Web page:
UN experts say South Sudan divisions widen, new war possible
U.N. experts are warning that political, military and ethnic divisions in South Sudan are widening, leading to multiple violent incidents between the main signatories to last year’s cease-fire, the possibility of renewed war, and nearly 100,000 people facing “famine-like conditions.”
The experts said in an 81-page report circulated Monday that the slow pace of reforms by President Salva Kiir’s government and more than a year of political disputes and disagreements over how to implement the February 2020 cease-fire and a 2018 peace agreement has led to frayed relations between Kiir and First Vice-President Riek Machar.
Discontent within Kiir’s Sudan People’s Liberation Movement and his power base in the Dinka ethnic group over his handling of the transition “has led to calls for new leadership,” the panel of experts said in the report to the U.N. Security Council.
It quoted multiple confidential sources in Kiir’s camp as saying divisions had formed over the distribution of government positions and the president’s attempts “to manage internal tensions among his supporters had failed and resulted in security incidents outside the capital.”
As for Machar, the panel said his inability to influence the government’s decision-making or spur implementation of the cease-fire agreement has led the Sudan People’s Liberation Movement-Army in Opposition, which the vice-president heads, to begin “to break apart.” Some political and military leaders in Machar’s camp are challenging his leadership, and some military officers have defected to the government, the experts said.
There were high hopes for peace and stability once oil-rich South Sudan gained its long-fought independence from Sudan. But the country slid into ethnic violence in December 2013 when forces loyal to Kiir started battling those loyal to Machar, his former vice-president who belongs to the Nuer ethnic group.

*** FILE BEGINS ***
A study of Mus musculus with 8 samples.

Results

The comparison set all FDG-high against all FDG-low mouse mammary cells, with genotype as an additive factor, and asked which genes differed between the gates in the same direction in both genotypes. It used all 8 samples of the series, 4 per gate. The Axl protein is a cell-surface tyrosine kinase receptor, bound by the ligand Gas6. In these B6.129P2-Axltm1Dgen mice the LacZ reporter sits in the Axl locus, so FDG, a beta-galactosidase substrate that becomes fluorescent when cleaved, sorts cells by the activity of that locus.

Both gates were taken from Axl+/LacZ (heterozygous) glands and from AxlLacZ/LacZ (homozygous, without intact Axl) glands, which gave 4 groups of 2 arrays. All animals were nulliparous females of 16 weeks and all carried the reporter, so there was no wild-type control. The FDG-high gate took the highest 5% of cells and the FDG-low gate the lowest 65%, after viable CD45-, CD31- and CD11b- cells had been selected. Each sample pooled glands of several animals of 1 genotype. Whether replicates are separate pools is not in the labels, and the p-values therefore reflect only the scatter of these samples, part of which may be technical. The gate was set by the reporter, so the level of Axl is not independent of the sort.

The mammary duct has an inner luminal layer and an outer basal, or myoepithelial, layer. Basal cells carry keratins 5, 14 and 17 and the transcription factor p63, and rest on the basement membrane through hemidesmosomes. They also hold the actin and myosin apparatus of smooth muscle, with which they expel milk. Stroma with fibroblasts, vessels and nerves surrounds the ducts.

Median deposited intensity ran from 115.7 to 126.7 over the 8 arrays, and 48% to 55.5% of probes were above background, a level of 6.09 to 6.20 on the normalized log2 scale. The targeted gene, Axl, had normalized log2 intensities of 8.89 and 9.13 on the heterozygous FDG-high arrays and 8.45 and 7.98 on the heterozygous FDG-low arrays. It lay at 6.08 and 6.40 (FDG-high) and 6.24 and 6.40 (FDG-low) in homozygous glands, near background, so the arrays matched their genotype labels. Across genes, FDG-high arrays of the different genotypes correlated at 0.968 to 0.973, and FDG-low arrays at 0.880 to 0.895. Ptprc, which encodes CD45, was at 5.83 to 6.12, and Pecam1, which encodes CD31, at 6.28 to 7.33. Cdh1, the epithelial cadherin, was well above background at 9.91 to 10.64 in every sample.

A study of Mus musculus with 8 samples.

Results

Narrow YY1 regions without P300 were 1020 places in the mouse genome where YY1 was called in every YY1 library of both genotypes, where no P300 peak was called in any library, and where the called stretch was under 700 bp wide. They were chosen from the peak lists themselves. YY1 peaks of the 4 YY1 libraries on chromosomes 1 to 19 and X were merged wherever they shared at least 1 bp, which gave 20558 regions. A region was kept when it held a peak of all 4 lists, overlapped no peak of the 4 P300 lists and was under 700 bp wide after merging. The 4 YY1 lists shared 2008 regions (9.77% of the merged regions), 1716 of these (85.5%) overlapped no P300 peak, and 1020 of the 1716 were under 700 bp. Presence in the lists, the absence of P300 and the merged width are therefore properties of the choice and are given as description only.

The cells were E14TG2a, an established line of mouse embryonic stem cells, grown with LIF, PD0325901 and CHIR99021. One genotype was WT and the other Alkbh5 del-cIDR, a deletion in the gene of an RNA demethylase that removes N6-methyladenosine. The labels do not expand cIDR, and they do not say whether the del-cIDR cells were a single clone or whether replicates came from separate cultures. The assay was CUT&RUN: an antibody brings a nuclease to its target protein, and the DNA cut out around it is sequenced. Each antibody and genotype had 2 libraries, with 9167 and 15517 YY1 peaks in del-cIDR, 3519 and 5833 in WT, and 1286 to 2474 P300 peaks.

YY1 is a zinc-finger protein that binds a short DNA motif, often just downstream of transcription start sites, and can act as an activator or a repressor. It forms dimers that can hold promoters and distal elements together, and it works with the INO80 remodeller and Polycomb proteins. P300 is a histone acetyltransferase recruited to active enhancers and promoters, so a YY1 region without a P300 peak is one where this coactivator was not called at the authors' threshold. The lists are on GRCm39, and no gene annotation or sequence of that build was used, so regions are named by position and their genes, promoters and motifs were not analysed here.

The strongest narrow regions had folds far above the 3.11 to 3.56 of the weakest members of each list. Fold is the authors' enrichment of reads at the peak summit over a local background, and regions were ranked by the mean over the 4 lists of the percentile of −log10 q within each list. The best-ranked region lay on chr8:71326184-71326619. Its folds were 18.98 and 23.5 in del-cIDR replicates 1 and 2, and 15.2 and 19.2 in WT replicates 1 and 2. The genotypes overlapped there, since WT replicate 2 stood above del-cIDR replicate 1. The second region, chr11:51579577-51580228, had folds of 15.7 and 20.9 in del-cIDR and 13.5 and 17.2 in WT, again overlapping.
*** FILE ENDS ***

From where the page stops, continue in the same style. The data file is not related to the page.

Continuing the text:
Numerous attempts at peace failed, including a deal that saw Machar return as vice-president in 2016 only to flee months later amid fresh fighting. The civil war has killed nearly 400,000 people and displaced millions.
Intense international pressure followed the recent peace deal and coalition government led by Kiir, with Machar as his deputy. But the government has failed to achieve many reforms including completing unification of the army command, graduating a unified force, and reconstituting the Transitional National Legislative Assembly.
In addition to the escalating humanitarian crisis, now engulfing 8.5 million people — over two-thirds of the country’s population — the panel said government security forces have gained control of public and natural resources by establishing independent revenue-generating companies.
The profits earned by each security force “have been untracked, unaudited and blocked from use by the government,” it said, citing a review of Ministry of Finance and Planning documents, corporate records and interviews.
The experts warned that as a result of missed deadlines and political gridlock on key issues in the national unity government’s agreement “the stability of South Sudan has remained at risk.”
“Given the concerns of civil society, political leaders and military officials regarding the ability of the agreement to bring lasting peace to South Sudan and their nascent calls for Mr. Kiir and Mr. Machar to step down, urgent engagement is needed to avert a return to large-scale conflict,” the panel said.
The experts cited multiple sources in the government and armed groups mostly agreeing that 2 1/2 years after the signing of the peace agreement its momentum has waned. The experts said officials from Kiir and Machar’s parties also mainly agreed “that the slow pace of implementation and the shifting political stances of some of the signatories had made the agreement unlikely to be implemented.”
It quoted a statement from the Jieng Council of Elders, an influential body of Dinka traditional leaders, criticizing Kiir’s leadership in a statement in January. In a second statement on Feb. 19, the Jieng Council said that “corruption in South Sudan is the driver of political competition” and warned that the country was returning to war because the agreement had focused on power-sharing and ignored peacebuilding at the local level.
The panel also said the unity government has failed to improve protections of the rights of civilians “who have faced continued threats from government security forces and armed groups.”
The international famine warning system reported that just under half of South Sudan’s population faces “high levels of acute food insecurity” and more than 92,000 people living in several areas including the Greater Pibor Administrative Area, northern Bahr al-Ghazal and Warrap “were facing famine-like conditions as of early March 2021,” the experts said.